A Reflection on the Junior Chocolate Masters & Why I think Ireland needs to Engage in More Competitions

By Erik Van der Veken posted 08-01-2017 07:56

  

As a Pastry chef who works closely with Cacao Barry (one of the most well known high-quality chocolate brands for the artisan industry and organiser of the most prestigious chocolate competition in the world, the World Chocolate Masters) one of the things that came up during meetings with the colleagues from abroad is that Ireland is rarely involved at the sharp end of pastry competitions.

So when the Junior Chocolate Masters - probably one of the most intense chocolate/pastry competitions around for chefs under 25 - came around again, I was determined to get an Irish entry.

In the end, I managed to get not one but two pastry chefs selected to take part in the competition. Taking into account that only the six best applications from fifteen in total were allowed to compete on the day is a hopeful sign for the Irish industry, especially as the level of competition this year was unbelievable! There is no doubt in my mind that each of the 6 contestants, including, with a little more training, our own Irish representatives, could be worthy competitors at competitions like the Coupe Du Monde and the World Chocolate Masters.


People often argue that successful competition chefs aren’t necessarily successful in a real working environment, but I would argue that I do not know a single chef who was worse off after competing at the sharp end of the industry.

With my own eyes I have seen the growth of Rachel Parker, commis chef at Ashford Castle and Daniel Linehan, Pastry Chef de Partie at Campagne in Kilkenny and the drive to succeed, hunger for learning new techniques, need to work super efficiently to complete all tasks in the allowed time frame and I can guarantee you that they are not the same pastry chefs now compared to three months ago.

For fast growth, there is probably no better way than challenging yourself by taking part in competitions. There are also advantages competitions have for the industry as a whole. I remember well the time I was going through my culinary training in Belgium, you’d find Japanese chefs working in every renowned pastry and chocolate kitchen around the country. At the time Japan wasn’t exactly well known for their high standard of patisserie, but they came to learn from the European Masters, took the knowledge back home, developed it further and gave it their own oriental flavour twists, then entered competitions worldwide, won everything that was there to be won, pushing the usual talent to raise the bar as well.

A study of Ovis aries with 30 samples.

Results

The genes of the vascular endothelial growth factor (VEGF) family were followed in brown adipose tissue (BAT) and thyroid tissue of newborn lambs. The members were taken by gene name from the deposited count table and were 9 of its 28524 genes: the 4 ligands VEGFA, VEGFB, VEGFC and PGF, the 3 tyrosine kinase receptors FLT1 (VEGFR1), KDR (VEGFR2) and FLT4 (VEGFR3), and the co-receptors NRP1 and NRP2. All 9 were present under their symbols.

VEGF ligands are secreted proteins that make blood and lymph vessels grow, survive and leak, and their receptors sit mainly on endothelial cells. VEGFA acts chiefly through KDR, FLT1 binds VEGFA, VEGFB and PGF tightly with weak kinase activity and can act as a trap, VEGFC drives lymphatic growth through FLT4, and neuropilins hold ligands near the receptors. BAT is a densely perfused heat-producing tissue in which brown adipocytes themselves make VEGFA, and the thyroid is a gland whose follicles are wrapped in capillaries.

Now when you speak about pastry, everyone who knows the industry will probably rate Japan up there with the more usual suspects such as course France, Belgium and Spain. The UK has put a lot of time and effort in competing, with Martin Chiffers being a key driving force and now they are becoming a country recognised among the Pastry top in the world. Wouldn’t it be a beautiful thing if Ireland can establish itself among the culinary top? With all the benefits for the whole industry that come with it? It will, however, require a long-term vision, dedicated people to lead the charge, and support by a platform such as Chef Network.

unnamed-1.jpg Above: Rachel Parker putting the final touches on her competition creation

Daniel and Rachel competed in the event on 8th July in Banbury. For the Junior Chocolate Masters the competitors had 7 hours to produce a chocolate showpiece from scratch, a chocolate bar and a dessert on the go.The competition was deservedly won by Gabriella Cugno, an experienced competitor despite her young age who currently holds the title of Chef de Partie at the Ritz in London. Congratulations to Daniel and Rachel for proudly representing Ireland at this year's event - hopefully we will see more Irish chefs at competitions in the future.